Phoenix has the highest proportion of American Indians among the top 10 cities in the nation.
But increasing urbanization doesn’t necessarily mean Indians are losing touch with their ancestral homelands and cultures, a leading Indian academician said Tuesday.
A Census 2000 summary released today shows that the population of 35,000 American Indians and Alaska Natives within the city limits of Phoenix represents an Indian component of 2.7 percent. No count was available for other areas of the Valley.
In total population, Phoenix ranks sixth in the nation, with 1.3 million people.
Arizona retained its 1990 standing as the state with the third-largest Indian population, behind California and Oklahoma.
Urban Indians within the city limits of Phoenix and Tucson account for about 1 in 6 of the state’s 293,000 people who reported being fully or partially of Native American ancestry.
The figures came as no surprise to Cal Seciwa, a Zuni tribal member who is director of the American Indian Institute at Arizona State University.
“This is the continuation of a trend over 20 to 30 years as we have grown and been able to navigate the dominant society in areas such as education and employment,” Seciwa said.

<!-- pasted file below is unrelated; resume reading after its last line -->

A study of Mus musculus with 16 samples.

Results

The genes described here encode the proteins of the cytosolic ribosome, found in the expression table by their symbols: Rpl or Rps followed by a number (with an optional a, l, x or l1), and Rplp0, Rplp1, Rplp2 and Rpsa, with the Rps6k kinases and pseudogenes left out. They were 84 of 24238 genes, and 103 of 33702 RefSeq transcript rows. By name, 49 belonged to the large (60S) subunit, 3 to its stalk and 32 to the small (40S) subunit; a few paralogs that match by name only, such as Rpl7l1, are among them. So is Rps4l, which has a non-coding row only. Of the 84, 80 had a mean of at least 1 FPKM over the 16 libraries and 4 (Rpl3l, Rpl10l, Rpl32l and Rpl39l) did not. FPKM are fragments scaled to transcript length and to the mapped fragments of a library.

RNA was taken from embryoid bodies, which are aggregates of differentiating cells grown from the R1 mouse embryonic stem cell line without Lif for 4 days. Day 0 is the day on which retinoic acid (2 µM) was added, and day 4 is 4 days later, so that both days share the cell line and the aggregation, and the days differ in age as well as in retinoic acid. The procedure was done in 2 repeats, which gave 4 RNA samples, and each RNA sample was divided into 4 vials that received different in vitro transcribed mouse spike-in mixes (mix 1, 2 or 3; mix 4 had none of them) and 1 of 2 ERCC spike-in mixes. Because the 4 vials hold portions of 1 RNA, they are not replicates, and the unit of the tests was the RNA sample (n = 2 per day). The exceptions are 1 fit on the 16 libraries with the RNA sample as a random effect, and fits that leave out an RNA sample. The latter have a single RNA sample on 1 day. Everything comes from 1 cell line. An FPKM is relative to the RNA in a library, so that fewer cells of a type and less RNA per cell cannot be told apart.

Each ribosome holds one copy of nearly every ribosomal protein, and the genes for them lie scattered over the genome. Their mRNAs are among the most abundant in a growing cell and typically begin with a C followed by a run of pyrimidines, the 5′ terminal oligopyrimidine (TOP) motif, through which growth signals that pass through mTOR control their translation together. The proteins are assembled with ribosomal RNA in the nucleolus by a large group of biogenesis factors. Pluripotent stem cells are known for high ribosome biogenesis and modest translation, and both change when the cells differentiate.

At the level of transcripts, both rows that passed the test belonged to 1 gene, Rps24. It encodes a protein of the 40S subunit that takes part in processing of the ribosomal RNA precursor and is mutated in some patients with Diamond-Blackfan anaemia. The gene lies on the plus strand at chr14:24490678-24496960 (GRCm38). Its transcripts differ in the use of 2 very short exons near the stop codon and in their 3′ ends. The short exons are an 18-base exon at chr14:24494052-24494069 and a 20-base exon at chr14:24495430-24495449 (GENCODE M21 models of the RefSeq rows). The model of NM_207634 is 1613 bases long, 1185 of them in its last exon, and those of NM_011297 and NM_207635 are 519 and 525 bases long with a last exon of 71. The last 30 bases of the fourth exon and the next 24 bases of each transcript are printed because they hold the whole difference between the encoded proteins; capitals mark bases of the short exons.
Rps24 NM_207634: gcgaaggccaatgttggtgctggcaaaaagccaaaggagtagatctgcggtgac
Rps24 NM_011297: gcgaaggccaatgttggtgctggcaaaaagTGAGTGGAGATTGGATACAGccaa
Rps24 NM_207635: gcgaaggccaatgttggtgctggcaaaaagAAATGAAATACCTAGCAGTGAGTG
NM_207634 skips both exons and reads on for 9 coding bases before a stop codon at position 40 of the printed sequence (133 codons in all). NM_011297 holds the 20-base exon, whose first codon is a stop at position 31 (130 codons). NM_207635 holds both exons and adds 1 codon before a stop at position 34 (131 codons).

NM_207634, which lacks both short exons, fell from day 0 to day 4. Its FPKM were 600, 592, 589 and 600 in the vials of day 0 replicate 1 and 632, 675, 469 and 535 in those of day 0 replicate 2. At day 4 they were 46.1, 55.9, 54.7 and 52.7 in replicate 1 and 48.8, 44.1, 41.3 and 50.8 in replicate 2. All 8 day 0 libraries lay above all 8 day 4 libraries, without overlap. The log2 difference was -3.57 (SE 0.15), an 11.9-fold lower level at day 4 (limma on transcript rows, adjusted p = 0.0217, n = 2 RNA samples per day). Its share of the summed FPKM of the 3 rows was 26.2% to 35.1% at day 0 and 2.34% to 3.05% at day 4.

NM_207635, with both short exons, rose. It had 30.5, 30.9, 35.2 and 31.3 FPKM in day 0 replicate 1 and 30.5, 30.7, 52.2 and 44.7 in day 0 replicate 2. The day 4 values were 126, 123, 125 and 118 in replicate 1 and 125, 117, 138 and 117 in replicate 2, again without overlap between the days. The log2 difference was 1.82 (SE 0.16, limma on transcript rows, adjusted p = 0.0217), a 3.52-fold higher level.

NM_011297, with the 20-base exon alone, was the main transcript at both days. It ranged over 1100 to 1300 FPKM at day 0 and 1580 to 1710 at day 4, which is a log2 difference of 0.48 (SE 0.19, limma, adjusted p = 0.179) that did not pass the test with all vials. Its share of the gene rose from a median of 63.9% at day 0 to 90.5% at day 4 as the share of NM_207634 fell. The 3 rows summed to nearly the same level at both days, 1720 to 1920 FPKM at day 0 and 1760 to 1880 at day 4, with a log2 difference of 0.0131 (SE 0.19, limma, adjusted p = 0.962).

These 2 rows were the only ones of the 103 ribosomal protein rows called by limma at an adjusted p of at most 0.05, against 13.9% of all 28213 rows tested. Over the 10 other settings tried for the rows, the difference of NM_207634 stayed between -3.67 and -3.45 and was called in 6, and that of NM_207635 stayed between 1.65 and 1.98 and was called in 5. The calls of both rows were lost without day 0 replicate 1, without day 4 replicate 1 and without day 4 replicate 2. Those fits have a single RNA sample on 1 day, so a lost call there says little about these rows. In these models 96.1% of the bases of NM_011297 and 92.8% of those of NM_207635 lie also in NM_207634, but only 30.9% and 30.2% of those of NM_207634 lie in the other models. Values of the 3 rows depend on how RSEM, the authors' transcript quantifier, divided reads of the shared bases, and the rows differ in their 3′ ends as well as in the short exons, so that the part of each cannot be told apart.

By choice, many urban Indians have only partially assimilated, he said. They have learned trades and become professionals in urban areas but frequently visit their homelands, where city skills are in little demand, he said.
“Our loyalties and our hearts are back home, where we have family, religious and other cultural ties,” Seciwa said.
New York City and Los Angeles each had a higher number of Indians than Phoenix, but because of Phoenix’s smaller population, it had nearly twice the concentration of Indians as runner-up Los Angeles.
Indians accounted for 5 percent to 5.7 percent of the 5.1 million Arizonans counted in 2000, depending on whether Indians of mixed ancestry are included in the total.
About 256,000 Arizona residents said they are entirely Native American, but adding those who reported being multiracial brings the total to 293,000.
Nationwide, full-blooded Indians totaled 2.5 million, while an additional 1.6 million people said they were of mixed-Indian heritage.
The least-racially diluted Indian tribe was the Navajo, who live mostly in Arizona, New Mexico and Utah.
Just under 10 percent of the 298,000 people listing themselves as Navajos reported being of mixed race.
Comparing the one-race Indian populations of 1990 and 2000, the racial group grew by 26 percent, twice the rate of the nation as a whole.
Reach the reporter at [email protected] or (602) 444-4816.